Home truths: Time to address the new pastiche
Published 24/06/2016 | 02:30
During the Celtic Tiger years when 'new' money began to buy up Victorian and Edwardian properties on the capital's twin top trophy home streets, Ailesbury and Shrewsbury Roads, the hackles of 'old money' residents were raised when their new neighbours started bringing in the demolition gangs.
Elegant old red-brick houses constructed during the years of Empire were found to be too stuffy for their new owners, who soon began lodging planning permissions to knock them down and replace them with what some would call 'McMansions', some of truly gargantuan proportions.
Most of these olde worlde homes weren't listed or protected at the time and as there were plenty of them, the local authorities didn't deem them to be of any particular architectural value.
The argument could have been made that with wet rot, dry rot, damp and failing mortar and beams, it almost cost as much to restore them as it did to knock them down and start again.
And so these roads and those surrounding them became a builder's yard for a time, with trucks and construction crews running hither and thither.
Concerned somewhat about how this trend would effect the look of the Edwardian and Victorian streetscapes, the local authority did determine that the new homes which were springing up in D4 leafy lanes, should resemble the older versions as much as viably possible.
In the end, we got legions of what you might call 'modwardians' - all red-bricks with bay window columns and recessed porches entered via a flight of stone steps, but gleaming with modern composites and brick panels.
There was resistance - numbers of longer established residents in Ballsbridge mobilised into groups to protest again about the character of the area being altered. Finally the property crash put paid to the trend, but not before modwardians as big as 20,000 sq ft - enough to hold 20 regular-sized family homes - took their positions in the oldest suburbs. In the end, receivers took many of them over and sold them for a fraction of the money pumped in.
Today we're seeing a rerun of the same, but further out in 1930s, 1940s and 1950s built suburbs where houses which are described as period homes can still be acquired for €600,000 plus. Old homes are knocked to leave the original front wall façade and the rest demolished. A new home is built behind the façade and then sometimes, if it weakens by the process, then that too is pulled down and replaced with a modern copy.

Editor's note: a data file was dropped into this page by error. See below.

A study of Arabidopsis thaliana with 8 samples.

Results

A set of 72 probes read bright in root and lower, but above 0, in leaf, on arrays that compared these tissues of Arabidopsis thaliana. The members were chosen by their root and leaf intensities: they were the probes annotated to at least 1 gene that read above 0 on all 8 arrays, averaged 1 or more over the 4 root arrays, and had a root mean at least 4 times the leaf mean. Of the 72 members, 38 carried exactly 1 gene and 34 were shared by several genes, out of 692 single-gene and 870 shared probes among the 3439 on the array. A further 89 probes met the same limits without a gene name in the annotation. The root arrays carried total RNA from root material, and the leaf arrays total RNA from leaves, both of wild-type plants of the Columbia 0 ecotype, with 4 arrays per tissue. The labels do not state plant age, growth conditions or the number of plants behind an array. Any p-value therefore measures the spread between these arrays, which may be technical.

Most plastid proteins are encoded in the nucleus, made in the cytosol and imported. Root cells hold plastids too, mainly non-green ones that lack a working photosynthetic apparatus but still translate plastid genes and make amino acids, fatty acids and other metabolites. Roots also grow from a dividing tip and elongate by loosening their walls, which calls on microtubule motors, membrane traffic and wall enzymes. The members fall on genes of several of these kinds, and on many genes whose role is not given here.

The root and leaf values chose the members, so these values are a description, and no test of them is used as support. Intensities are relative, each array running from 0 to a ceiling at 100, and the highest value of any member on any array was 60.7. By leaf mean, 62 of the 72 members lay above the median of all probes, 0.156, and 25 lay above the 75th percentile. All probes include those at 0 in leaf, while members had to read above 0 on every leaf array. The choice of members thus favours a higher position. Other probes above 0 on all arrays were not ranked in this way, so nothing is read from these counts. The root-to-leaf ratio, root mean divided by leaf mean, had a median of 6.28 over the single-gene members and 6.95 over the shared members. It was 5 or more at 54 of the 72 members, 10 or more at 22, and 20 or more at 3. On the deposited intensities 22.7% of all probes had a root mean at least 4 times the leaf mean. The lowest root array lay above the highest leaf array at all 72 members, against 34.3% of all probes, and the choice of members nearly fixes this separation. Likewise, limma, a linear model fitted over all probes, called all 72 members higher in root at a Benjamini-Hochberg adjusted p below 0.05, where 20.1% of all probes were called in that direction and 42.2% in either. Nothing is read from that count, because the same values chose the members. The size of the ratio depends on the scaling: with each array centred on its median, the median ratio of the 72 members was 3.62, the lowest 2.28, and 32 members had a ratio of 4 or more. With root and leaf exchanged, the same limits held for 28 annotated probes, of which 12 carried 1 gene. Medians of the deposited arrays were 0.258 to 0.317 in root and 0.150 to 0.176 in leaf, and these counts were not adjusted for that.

Some of the reasons behind the relatively new surge of old house demolitions are the same as those behind the Tiger era modwardian splurge and some are different.
First of all, shortage in prestige neighbourhoods: amidst the worst supply of new and second hand homes in mature areas, wealthier buyers are taking what they can for address. They might want a large new home but an old draughty abode with an 'F' BER cert might be all they can get. Which brings us to the next factor - energy usage. Big old period homes are badly insulated and their heating capacity was designed for coal. It costs so much to renovate them to a level whereby they won't eat money to heat, that sometimes it's almost as economical to knock them down entirely.
Since the Tiger years, modern extensions and fresh looking contemporary architect-designed one-off abodes have captured the attention of the glossies and the eye of the home buyer. While the 1990s and early Noughties saw a high appreciation of olde worlde design, the modern moneyed city buyer wants contemporary. And if they have to knock an old house and build a new house that looks like an old house to get it - inside and out back - so be it.
So the local authorities are once again in a dilemma. As one project after another pulls down a 1930s original, they're insisting on the new one keeping 'the look'. Owners are, of course, complying. And, in fact, like modern versions of the VW Beetle, Austin Mini Cooper and the FIAT 500 Bambino, the resulting homes can be surprisingly good looking - particularly the modded 1930s to 1950s bungalows.
While we campaigned to save Georgian homes and, more recently, Edwardian homes, aren't pre and post war houses just as valuable a component in our architectural heritage? Alright so we don't need all of them. But do we want entire streets changing from 1930s bungalows to 2016 versions of 1930s bungalows? Does it make sense?
Might there be ways of providing grants or tax relief in some form to save at least some of them? And do we want to save them? That question needs to be asked. We had the same questions raised about our Georgian Squares and, latterly, our Victorian suburbs. But now's the time to ask questions once again about pastiching.